Food producers are a vital but often overlooked part of a community. They employ, train, and empower people while producing and increasing access to culturally relevant food.
Farms are direct producers of food and may sell their goods in local stores or farmers’ markets. They may also participate in Community Supported Agriculture (CSA) programs.
These are systems that connect consumers to fruits, vegetables, and other items (like eggs) that are grown or produced within their communities. CSAs often work through delivery services, though some allow you to pick up your weekly or monthly bundle at a farm or local distribution center.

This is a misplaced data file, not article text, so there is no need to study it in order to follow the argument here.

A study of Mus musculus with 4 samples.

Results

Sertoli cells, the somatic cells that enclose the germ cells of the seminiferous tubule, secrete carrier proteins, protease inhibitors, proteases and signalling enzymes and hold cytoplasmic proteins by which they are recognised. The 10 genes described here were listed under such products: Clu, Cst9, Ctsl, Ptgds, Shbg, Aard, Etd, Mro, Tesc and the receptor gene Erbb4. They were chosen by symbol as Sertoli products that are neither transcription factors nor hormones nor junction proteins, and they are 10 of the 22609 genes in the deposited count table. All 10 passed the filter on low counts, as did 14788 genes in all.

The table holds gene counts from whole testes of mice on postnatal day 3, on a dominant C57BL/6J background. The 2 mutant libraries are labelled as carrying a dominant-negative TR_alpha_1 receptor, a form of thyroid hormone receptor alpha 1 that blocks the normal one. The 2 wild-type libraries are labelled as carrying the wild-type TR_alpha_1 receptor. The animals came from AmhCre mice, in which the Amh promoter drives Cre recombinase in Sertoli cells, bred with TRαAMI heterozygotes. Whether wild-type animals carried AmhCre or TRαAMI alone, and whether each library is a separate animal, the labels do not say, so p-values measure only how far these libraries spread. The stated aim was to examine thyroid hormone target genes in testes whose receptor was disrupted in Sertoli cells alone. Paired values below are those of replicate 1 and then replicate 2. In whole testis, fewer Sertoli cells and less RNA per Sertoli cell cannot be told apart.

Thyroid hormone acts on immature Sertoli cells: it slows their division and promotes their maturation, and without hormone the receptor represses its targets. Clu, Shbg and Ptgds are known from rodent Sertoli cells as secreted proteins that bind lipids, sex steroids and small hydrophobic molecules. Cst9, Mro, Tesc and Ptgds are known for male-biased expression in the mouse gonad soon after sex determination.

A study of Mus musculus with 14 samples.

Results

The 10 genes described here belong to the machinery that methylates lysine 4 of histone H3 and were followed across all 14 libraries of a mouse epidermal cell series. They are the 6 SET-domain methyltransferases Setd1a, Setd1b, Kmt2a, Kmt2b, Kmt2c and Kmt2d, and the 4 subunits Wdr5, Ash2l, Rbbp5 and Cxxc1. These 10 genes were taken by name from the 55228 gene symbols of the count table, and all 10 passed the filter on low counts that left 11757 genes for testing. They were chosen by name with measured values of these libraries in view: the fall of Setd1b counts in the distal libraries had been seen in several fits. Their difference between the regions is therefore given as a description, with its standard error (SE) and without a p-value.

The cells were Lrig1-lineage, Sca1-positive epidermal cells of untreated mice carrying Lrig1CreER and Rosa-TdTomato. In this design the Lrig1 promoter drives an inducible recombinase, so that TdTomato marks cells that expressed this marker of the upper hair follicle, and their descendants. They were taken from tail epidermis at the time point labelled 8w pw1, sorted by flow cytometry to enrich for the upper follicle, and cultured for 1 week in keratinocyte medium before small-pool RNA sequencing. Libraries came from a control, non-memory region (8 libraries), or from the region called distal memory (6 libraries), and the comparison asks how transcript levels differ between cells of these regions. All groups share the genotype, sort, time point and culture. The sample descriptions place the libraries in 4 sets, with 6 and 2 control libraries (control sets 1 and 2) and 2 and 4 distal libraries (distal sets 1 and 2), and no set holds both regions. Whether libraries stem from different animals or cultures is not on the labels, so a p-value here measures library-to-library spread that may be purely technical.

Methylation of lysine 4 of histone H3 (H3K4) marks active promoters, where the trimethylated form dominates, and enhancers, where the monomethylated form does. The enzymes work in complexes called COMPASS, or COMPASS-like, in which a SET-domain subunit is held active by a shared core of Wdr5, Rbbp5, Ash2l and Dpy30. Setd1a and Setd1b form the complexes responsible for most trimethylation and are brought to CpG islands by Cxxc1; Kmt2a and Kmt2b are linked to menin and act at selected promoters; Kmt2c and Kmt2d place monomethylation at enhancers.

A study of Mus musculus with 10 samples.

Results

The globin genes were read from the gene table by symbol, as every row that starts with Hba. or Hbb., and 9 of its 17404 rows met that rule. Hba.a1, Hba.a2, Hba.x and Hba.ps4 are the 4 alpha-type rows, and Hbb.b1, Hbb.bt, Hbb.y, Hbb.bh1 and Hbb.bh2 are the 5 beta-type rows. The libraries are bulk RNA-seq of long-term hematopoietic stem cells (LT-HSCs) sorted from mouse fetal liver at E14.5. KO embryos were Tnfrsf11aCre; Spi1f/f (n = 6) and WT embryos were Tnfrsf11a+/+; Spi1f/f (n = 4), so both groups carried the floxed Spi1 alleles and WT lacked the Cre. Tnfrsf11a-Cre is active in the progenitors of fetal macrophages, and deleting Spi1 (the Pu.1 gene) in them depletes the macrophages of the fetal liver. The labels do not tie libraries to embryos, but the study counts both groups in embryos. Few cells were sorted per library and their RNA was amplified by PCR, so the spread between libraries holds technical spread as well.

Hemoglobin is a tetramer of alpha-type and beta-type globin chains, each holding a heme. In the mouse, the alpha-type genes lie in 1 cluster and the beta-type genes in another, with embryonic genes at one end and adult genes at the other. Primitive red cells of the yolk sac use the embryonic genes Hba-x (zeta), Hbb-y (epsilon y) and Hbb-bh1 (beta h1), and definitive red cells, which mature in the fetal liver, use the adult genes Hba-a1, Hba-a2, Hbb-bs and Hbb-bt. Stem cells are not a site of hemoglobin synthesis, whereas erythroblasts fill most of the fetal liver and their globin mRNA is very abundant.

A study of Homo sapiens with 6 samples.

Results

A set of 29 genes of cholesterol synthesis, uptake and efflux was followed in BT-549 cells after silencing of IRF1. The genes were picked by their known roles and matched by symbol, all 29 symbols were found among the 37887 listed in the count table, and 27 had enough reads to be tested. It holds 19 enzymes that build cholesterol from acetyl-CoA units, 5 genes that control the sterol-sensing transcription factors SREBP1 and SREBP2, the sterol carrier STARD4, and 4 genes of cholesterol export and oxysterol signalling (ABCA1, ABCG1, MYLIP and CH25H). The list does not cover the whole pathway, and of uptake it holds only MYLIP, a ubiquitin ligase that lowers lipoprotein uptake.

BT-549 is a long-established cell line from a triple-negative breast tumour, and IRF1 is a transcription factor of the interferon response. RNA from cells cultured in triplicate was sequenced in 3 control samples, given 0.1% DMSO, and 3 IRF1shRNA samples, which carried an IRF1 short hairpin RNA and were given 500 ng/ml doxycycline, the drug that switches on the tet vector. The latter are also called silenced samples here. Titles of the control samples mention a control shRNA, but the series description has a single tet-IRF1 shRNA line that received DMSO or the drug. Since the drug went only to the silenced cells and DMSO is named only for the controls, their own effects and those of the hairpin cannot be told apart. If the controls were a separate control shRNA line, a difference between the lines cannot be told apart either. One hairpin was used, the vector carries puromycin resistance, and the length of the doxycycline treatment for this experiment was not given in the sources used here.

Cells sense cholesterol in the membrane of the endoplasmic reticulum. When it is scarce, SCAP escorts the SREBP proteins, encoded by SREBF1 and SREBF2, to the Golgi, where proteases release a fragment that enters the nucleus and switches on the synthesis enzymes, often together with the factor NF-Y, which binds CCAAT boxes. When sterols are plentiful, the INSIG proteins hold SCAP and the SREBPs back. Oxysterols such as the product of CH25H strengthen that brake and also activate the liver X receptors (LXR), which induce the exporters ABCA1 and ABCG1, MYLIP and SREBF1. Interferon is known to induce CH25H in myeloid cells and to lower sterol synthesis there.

Especially important are farms and CSAs that are Black-owned.
The community work they do — from introducing children to gardening to equipping formerly incarcerated people with the skills to grow food and transform it into livelihood — is critical.
One of the main goals of these organizations is to reduce the number of food deserts, which are neighborhoods with limited or no access to fresh foods, due to a lack of grocery stores or major distances to the nearest ones. Food deserts exist disproportionately in Black and Hispanic neighborhoods.
Fast food chains and convenience stores often dominate food deserts, offering poor nutritionand failing to cater to cultural and dietary needs. This gives residents little choice but to eat processed foods, and it contributes to the deteriorating health of vulnerable communities.
A common response to this issue is “grow your own food.” But for most people, that’s basically impossible.